We’ve talked a lot recently about the ascendency in educational gaming of the Nintendo DS, the descendant of the once ubiquitous GameBoy Advance handheld gaming system. New research is showing positive results for appropriate DS games to increase test scores, and gaming companies are porting over titles for studying the SAT to the platform. Now Nintendo is releasing an update to the system, called the DSi. It has generated quite a stir. Here are some ways the DSi may prove useful for educational gaming.
Screens for the DSi are slightly bigger than the older DS. I’ve joked about the GBA and DS being designed for young people, as folks over 20 often complain about the size of the displays. But larger screens set in thinner cases will help players see more of the action. For the sake of education, larger screens means more text on the screen, either in quantity or quality (size of font). Admittedly the increase is small (3.25 inches up from 3.0 inches), but the increase will most certainly be worth it. Especially for old(er) people.
Cameras Outside and In
The DSi will have two cameras built in: one facing out and one facing in toward the player. I see this as benefiting ARGs, where players use devices to electronically enhance surrounding reality for the sake of the game. We’ve seen increased ARG use in lessons at historical sites thanks to the potent new crop of cell phones lately, but with two cameras added to the mix on the DSi, possibilities suddenly blossom. Students armed with Nintendo’s device could easily take pictures of objects on scavenger hunts, for instance, and share them with other teams. Pictures of players from the inward pointing camera provide proof of presence, and one imagines an easier way for teachers to remotely track students roaming about a site.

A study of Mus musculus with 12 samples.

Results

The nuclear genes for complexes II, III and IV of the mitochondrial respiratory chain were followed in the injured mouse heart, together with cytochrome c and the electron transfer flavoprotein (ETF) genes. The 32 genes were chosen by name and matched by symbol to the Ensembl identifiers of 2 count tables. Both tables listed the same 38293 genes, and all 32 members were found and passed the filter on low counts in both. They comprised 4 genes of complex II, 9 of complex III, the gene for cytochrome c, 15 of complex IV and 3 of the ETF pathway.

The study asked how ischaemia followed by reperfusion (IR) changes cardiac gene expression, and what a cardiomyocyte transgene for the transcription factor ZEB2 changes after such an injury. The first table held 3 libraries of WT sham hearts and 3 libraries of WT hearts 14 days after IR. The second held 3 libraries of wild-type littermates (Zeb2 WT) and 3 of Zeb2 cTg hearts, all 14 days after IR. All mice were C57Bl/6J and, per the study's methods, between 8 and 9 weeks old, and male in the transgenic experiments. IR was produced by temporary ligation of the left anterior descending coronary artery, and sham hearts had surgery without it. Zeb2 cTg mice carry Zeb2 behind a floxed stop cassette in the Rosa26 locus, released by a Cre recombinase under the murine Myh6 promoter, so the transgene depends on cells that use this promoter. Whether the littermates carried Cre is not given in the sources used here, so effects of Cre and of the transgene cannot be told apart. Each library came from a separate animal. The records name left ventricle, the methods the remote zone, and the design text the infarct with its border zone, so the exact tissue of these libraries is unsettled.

Built-in Web Browsing
Web support brings the DSi into Sony PSP territory. The nice thing is the price of the DSi is expected to fall somewhere south of $200. Imagine handing a fifth grader the equivalent power of an iPhone for a fraction of the cost and with no long-term contract. Downloading games might provide developers an inexpensive means of distribution for educational titles which may not otherwise be carried in traditional gaming venues.
SD Memory Card Support
Portable memory is a key issue for educators, as it eases dissemination of lessons and collection of data. SD memory cards are the de facto standard for portable data on a lot of devices, and many laptops and desktops have SD ports built in. A backwards compatible GBA slot is eliminated in this newest model, perhaps helping to keep the case slim. But with the SD slot, might the possibilities for home-made programming help up-and-coming educational game makers, ala the R4 Revolution, aka Majicon?
MP3 Support – sort of
The music-playing capabilities of the DSi will help with audio books, and flash cards that read words back to students. It’s not true MP3 support; users will have to use the AAC format. At least, that’s the current specs. But, folks adroit at gaming and such will have few problems converting MP3s to AAC.
Alas, American players will probably have to wait until fourth quarter, 2009 to buy one. But for players, and educators, it looks to be worth the wait.